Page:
Owning a business can be an exciting, potentially lucrative venture; one where you are you own boss and are in a position to make key decisions that will impact the success of the company. Whether you are the sole owner or you co-own a company with one or more individuals, it is highly recommended that you consider a buy-sell agreement in order to protect the future sale of your business interests or for your purchase of a co-owner’s interest in the business.
You do not have to own a large corporation to make securing a buy-sell agreement a wise business decision. Also known as a buyout agreement, a buy-sell agreement protects business owners when a co-owner wants to leave the company or if a co-owner retires, wants to sell his or her shares to someone else, goes through a divorce, becomes disabled or dies. Similar to a premarital agreement, a buy-sell agreement protects everyone’s interests from the moment the business is established.
When considering the cost of a buy-sell agreement, keep in mind that this type of agreement can prevent ill will among family members, co-owners and spouses by establishing a clear, agreed upon financial agreement. It is not unusual for liquidity issues to arise over the course of a major financial business transaction. The investment is small considering the financial benefits in the long run.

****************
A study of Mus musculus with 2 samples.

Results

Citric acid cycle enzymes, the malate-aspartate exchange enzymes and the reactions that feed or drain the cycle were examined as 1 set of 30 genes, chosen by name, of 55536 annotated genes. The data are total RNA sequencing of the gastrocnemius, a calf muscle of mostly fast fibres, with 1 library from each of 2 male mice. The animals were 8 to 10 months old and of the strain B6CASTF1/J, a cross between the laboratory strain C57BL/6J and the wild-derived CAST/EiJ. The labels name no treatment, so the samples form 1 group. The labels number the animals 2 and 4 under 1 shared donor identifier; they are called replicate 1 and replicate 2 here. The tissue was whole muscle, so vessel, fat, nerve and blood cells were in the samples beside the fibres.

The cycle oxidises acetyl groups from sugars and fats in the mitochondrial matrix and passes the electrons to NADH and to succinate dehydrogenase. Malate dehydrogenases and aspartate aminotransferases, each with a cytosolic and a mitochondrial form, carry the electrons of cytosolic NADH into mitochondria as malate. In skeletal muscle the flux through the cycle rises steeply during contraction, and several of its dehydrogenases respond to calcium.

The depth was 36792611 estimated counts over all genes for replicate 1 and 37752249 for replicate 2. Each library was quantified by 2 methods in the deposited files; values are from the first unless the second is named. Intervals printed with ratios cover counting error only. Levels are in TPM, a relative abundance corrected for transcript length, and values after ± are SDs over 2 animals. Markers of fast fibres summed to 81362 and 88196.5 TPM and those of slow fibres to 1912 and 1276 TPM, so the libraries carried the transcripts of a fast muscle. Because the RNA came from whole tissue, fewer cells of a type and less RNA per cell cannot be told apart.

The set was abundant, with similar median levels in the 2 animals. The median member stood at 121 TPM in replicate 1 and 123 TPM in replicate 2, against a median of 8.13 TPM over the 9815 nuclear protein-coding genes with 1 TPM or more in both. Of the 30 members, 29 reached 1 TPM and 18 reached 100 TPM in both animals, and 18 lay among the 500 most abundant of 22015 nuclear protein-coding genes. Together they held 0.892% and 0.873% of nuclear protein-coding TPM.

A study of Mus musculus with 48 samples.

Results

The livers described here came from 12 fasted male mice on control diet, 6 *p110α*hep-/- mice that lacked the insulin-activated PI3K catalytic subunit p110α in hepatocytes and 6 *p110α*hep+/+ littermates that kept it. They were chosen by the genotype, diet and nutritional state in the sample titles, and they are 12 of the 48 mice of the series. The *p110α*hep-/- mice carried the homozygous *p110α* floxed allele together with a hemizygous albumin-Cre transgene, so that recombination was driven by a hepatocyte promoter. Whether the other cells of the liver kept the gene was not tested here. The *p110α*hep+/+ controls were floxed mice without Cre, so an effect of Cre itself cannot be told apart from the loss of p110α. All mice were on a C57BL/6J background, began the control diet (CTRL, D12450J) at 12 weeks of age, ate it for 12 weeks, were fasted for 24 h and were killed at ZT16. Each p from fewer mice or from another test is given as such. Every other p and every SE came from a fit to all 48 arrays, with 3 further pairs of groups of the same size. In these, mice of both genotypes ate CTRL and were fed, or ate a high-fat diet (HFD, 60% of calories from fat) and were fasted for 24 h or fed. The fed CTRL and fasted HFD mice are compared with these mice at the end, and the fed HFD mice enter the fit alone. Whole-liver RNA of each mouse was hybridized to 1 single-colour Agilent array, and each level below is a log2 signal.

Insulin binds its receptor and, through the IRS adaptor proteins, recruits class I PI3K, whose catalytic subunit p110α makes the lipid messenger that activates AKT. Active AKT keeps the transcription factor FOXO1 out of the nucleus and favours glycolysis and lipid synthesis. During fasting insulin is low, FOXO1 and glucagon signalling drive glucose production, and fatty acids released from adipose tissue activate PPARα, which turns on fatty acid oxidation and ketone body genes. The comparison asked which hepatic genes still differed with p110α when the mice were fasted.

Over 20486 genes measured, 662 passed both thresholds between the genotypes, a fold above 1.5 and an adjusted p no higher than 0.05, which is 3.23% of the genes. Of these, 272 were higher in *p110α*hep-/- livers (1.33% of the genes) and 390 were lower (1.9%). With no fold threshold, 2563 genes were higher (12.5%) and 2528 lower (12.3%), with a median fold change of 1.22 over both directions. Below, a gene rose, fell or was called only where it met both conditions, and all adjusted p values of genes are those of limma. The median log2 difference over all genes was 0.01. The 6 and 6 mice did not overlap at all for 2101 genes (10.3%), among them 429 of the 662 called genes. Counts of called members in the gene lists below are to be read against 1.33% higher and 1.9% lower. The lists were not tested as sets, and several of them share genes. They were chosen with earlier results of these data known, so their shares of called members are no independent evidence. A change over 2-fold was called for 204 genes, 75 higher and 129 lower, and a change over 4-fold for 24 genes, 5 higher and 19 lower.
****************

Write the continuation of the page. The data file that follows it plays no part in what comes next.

Factors to Consider
Like any major financial decision, there are a wide range of factors to consider before entering into a buy-sell agreement, including the following:
- Type of business, i.e., C corporation, S corporation, LLC or other
- Size of the business, including volume of business, number of employees, assets, etc.
- Value, book value or liquidation value of underlying assets
- Percentage of ownership interests of the owners
- Ages and health of equity owners
- Ability of the owners to obtain life insurance in adequate amounts and at acceptable premiums
- Owners’ commitment to the business
- Legal issues that could impact the corporation’s ability to make dividend distributions
- Family relationships of owners
- Likelihood of current owners remaining active in the business and how future generations will participate in the business
- Licensing and other legal requirements
Buy-sell agreements are often funded by life and/or disability insurance policies. Once the value of the business is determined, the parties involved will decide the best way to fund the transaction. Using insurance in this way can ensure that there is money available when it is needed. For example, if you or your partner dies, your respective life insurance policies can fund the buyout so that your business remains in tact, and spouses and or other heirs are bought out based on the agreement.
If a co-owner wants to buy back another co-owner’s interest, there are options available that can be written into the contract. Even the most successful business may not be able to afford a 100% lump sum payout, so a buyout agreement can specify a down payment of one-fourth to one-third of the buyout price, followed by equal installments over the course of three to five years at a reasonable rate of interest.